Troy Davis Executed Despite Serious Doubts About His Guilt

September 23, 2011
troydavis_resized.jpgLate Wednesday night, Troy Davis (pictured at right) was executed by the state of Georgia for the murder of Savannah, GA, police officer Mark MacPhail. As this space has written before, Officer MacPhail's death was a tragedy. But that does not excuse Wednesday's tragedy: the miscarriage of justice that resulted in Davis' execution.
Davis was convicted largely on the strength of a series of nine witnesses for the prosecution. Seven of those witnesses have since recanted their testimony, some citing police pressure to testify during the initial trial. Others have come forward and stated that they saw another man, rather than Davis, shoot and kill Officer MacPhail. The doubt around Davis' conviction is such that figures as diverse as former President Jimmy Carter and one-time FBI Director William Sessions have called for clemency.

But none of this stopped Wednesday's tragedy.

Although Biblical law mandates the death penalty for 36 offenses, ranging from murder to kidnapping, adultery to incest, certain forms of rape, and other crimes, the Reform Movement follows rabbinic interpretations that made applying the death penalty nearly impossible and effectively abolished it centuries ago.

The circumstances surrounding Troy Davis' case, with witnesses recanting their testimony, brings to mind the Mishnah Sanhedrin 4:5, which stresses the importance of presenting completely accurate testimony in capital cases because any mistakes or falsehoods could result in the shedding of innocent blood. The passage likens wrongful executions to Cain killing Abel, concluding that "it is for this reason that God created only one human in the beginning, a token that he who destroys one life, it is as though he had destroyed all humankind, whereas he who preserves one life, it is as though he preserved all humanity."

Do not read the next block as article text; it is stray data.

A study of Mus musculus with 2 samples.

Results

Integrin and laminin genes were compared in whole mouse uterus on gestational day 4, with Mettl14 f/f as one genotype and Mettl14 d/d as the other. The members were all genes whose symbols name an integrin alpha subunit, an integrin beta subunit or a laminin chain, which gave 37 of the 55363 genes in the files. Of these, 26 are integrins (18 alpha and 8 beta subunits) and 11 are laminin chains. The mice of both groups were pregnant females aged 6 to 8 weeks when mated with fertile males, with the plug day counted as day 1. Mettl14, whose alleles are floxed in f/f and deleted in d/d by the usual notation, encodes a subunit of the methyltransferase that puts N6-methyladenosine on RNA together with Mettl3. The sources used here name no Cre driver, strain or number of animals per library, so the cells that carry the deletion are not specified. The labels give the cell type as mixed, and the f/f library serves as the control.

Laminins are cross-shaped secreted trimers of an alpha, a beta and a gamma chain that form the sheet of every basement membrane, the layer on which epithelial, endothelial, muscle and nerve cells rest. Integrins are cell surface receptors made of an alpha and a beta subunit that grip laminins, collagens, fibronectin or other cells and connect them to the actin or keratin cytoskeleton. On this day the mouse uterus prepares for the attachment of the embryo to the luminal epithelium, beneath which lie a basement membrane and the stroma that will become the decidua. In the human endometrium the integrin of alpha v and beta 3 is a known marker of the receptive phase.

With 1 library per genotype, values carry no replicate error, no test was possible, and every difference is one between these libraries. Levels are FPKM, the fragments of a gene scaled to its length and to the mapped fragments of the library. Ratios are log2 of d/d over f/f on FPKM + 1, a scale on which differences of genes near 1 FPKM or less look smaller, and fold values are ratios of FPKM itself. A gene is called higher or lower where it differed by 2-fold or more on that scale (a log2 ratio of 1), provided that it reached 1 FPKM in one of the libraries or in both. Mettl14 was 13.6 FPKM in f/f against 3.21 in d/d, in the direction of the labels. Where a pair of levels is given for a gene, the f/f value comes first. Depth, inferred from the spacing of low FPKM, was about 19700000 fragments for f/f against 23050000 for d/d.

As a nation, today we must take a long look in the mirror and ask ourselves what comes next. We can shake our heads in sorrow and wax eloquent about the injustice that took place, only to turn our attentions elsewhere in a matter of days, allowing our country to continue applying the death penalty, even with all of its obvious flaws.

Let us instead dedicate our passion, as Robert F. Kennedy borrowed from classicist Edith Hamilton, to "tame the savageness of man and make gentle the life of this world." Let us work together to reduce the conditions that breed violence and fix our criminal justice system, for there can be no greater way to ensure that a day comes soon when there are no more cases like that of Troy Davis. That brighter tomorrow cannot come soon enough.

But today, that does not stop the pain from Wednesday night's tragedy.

Ian Hainline is a 2011-2012 Eisendrath Legislative Assistant.